Water rescues turn into training opportunities
2 false alarms in 2 weeks
Despite two water rescues in the last two weeks that both turned out to be false alarms, authorities say people should never hesitate to call 911 if they see something suspicious.
"I don't see that being a waste of resources," said Onalaska Fire Chief Don Dominick.
"I think it's great in this time and age that people don't just neglect it," he added.
Onalaska firefighters, along with the Campbell Fire Department, Brice Prairie Fire Department, and the La Crosse Dive Unit, spent 2 1/2 hours Friday night searching Lake Onalaska. The search came after two long-time residents reported a flashing light they thought might be a boater in distress.
"Not only was it flashing but it was intermittent, like someone was trying to signal them," said Dominick.
No distressed boaters were even found.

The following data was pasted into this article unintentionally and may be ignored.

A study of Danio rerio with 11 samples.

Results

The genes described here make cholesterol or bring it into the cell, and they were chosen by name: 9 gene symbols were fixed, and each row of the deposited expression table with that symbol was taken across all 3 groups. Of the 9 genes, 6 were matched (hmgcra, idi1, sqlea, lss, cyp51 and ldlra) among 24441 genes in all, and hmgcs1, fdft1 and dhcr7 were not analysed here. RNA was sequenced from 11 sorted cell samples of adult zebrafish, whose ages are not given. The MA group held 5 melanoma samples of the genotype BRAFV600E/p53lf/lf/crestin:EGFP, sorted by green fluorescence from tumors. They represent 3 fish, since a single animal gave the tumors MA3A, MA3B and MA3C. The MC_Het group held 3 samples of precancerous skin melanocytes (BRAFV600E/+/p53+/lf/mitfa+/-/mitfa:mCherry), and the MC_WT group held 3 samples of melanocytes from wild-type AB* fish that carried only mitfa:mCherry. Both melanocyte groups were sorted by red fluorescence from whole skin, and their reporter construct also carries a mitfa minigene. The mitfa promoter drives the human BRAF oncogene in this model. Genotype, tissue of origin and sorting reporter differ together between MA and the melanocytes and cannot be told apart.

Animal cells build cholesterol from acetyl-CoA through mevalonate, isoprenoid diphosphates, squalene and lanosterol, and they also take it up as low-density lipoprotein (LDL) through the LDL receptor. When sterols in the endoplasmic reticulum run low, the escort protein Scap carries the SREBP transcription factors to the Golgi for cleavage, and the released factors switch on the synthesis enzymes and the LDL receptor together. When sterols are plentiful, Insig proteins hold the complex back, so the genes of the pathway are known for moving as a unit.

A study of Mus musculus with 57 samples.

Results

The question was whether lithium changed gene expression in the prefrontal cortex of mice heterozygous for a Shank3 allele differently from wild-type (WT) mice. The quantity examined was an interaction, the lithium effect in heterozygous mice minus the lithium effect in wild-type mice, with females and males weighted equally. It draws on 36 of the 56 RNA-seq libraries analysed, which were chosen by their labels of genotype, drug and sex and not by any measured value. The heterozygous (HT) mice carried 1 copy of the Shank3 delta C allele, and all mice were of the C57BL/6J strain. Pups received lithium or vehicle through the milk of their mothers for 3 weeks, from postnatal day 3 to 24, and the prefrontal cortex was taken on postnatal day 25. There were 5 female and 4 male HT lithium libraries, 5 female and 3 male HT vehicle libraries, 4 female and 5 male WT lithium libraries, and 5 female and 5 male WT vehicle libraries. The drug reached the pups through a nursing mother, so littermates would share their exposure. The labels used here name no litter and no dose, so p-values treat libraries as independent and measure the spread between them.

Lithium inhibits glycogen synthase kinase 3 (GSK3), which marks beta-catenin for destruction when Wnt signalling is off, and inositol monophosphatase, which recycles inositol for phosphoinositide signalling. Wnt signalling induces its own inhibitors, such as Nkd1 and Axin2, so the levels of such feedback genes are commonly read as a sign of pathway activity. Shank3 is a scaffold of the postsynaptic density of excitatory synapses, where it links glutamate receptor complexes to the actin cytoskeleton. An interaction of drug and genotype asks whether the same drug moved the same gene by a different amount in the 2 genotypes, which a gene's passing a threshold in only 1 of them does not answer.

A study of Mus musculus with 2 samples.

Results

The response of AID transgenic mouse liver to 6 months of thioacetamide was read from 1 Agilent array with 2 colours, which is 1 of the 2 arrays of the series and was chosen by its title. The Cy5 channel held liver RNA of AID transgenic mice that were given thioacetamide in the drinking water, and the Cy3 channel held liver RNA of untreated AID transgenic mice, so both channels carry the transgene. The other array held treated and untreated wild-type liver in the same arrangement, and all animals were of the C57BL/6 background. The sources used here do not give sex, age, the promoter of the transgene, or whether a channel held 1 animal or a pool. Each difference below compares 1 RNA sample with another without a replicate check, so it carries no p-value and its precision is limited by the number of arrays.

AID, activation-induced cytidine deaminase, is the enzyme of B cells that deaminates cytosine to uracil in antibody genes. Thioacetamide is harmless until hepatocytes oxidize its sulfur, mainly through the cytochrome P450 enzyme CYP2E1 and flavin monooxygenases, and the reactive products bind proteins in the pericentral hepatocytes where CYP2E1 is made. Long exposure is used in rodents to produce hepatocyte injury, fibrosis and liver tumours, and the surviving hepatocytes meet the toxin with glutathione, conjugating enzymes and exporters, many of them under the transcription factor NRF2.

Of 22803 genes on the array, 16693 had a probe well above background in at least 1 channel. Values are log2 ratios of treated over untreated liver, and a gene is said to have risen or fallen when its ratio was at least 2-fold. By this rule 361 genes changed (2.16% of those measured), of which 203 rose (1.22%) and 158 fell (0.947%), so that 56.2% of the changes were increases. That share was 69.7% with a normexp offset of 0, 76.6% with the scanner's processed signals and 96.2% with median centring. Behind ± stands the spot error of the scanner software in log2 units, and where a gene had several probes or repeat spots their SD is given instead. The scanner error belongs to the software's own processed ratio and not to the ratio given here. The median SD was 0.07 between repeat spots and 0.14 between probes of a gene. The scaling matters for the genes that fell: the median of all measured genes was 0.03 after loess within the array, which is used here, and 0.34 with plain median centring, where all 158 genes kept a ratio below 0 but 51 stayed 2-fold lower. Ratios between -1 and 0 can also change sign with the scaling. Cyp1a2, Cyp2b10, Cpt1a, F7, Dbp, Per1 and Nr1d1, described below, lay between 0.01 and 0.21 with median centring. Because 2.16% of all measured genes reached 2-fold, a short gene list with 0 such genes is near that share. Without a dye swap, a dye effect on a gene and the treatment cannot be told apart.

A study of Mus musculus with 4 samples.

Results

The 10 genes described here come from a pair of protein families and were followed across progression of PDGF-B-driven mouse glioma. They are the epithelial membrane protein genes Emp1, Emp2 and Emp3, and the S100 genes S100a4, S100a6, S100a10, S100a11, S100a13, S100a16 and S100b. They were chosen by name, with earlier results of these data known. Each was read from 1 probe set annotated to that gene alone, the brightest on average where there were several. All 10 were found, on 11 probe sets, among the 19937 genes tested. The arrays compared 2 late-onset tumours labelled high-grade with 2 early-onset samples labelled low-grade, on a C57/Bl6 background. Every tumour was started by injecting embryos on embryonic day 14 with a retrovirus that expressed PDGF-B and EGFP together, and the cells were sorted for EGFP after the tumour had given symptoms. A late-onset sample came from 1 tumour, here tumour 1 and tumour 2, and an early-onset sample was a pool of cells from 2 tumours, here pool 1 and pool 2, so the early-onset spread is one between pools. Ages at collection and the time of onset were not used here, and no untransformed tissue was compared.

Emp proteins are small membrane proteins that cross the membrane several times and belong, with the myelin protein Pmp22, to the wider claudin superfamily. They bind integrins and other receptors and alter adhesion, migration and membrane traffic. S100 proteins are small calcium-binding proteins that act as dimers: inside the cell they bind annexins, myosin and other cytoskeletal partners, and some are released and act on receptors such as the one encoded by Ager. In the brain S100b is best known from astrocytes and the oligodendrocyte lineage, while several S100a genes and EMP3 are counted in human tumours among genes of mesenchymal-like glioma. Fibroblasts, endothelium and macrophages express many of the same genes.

The weekend before, crews spent several hours searching the Mississippi River after a truck driver reported what he thought was a tipped over canoe near the I-90 bridge. That search also turned up nothing.
"It's a little bit frustrating but I would rather do that then read in the paper the next morning about a boater who's been missing for two days and nobody even called it in," said Kevin Kappauf, the training officer for the La Crosse Dive Unit.
The all-volunteer organization was involved in both recent water rescues.
Kappauf says the least reliable tips usually come from people driving through the area.
"We ask that you stay there. If we show up and somebody drove by (and left), we have no idea what the person is talking about or where to look," said Kappauf.
Both Kappauf and Dominick say the only thing they can do is use the false alarms as live training opportunities.